At first AIDS was thought of as just a "gay men's disease." There is no denying that the gay community has borne the brunt of the AIDS epidemic. Some 60 percent of AIDS cases have occurred in gay males.
AIDS brought the community lifestyle changes, and activism.
Gay AIDS victims have taken over corporate boardrooms and demonstrated at government offices and scientific meetings to push for more AIDS financing and quicker release of experimental drugs.
Partly in response, the U.S. Food and Drug Administration has accelerated its testing programs and instituted "parallel track" testing, which allows AIDS patients to take experimental drugs outside the normal clinical trials.
Still, hopes for a vaccine or a final cure are 10 to 20 years off. Living with the disease is the only option for many.
Life on Fire Island in New York was beautiful in those long-ago summer days before.
Before the inexplicable swollen glands and night sweats. Before the "flu" that never went away. Before the appearance of those first purplish lesions.
The epidemiologists at the federal Centers for Disease Control in Atlanta and the media would refer to them as "fast-track" gays: the young men who had sex with more partners in a month than most heterosexuals would in a lifetime. And often didn't know their partners' names.
George Wilson, who is now 43 and has spent every summer of his adult life on Fire Island, a barrier island south of Long Island, can recall those days before, when "that particular clique of Fire Island expressed itself as being the forerunner of everything, be it design, be it style, be it lifestyle, be it fashion, be it excessive sex. We were young, we were all beautiful, and people tried to cultivate that on every level they could."
Three of Wilson's close friends and former Fire Island Pines housemates died in the last two months of 1980. Between those first deaths and mid-1983, another dozen people he knew died. "By '84 it had killed a hundred people I knew." Then, in the late spring of 1985, Wilson learned he was HIV-positive.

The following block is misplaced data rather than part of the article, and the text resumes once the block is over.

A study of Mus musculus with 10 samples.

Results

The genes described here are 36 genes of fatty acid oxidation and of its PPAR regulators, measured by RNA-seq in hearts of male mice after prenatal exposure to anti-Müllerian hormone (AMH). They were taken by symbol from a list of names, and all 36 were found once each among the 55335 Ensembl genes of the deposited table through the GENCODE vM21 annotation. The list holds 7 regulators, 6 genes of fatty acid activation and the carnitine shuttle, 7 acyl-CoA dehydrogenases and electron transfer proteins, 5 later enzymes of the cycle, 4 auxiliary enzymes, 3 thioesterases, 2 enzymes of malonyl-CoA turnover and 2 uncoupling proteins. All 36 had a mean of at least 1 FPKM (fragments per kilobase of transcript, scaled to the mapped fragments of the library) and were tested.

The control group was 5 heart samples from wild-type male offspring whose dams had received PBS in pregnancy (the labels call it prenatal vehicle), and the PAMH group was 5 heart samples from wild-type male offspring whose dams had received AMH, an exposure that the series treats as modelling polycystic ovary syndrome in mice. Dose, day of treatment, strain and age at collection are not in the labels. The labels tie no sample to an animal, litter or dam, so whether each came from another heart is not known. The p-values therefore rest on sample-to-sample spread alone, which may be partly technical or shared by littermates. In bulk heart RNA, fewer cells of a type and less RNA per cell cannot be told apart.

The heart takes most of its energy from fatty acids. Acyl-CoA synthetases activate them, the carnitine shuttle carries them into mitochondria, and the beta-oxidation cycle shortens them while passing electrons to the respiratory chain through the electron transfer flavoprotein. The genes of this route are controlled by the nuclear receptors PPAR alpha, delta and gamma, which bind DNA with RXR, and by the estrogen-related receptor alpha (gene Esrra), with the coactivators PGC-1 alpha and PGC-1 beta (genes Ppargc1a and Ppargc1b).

"I knew at that moment that I had two choices: Either to live or to die. And I chose not to die. Part of that choosing to live is to go through whatever I could to heal all those things that were going to bring on an early death, or a death in which I would be closed down and inaccessible to my real life. So that took the form of getting off drugs, getting sober."
Wilson says he learned from support groups that being HIV-positive is not synonymous with dying. "It was very profound. I had the option to choose to live."
Now, says Wilson, "things are just as good" as they were in those days and years before. "What has happened within the gay community is people have attempted to heal themselves, and in that healing they have gotten much closer together on a level that is so much bigger and so much closer than being beautiful, having the best lovers, having the greatest sex or having the most drugs. People have for the most part let that go.
"Yes, AIDS is a terrible thing. But the good news out of it is it has brought people together as human beings and has allowed them to see the possibility of their own personal healing: healing of the spirit, healing of the body, healing of relationships and healing of a relationship with one's own self."
_ Information from Newsday, AP and Reuters was used in this report.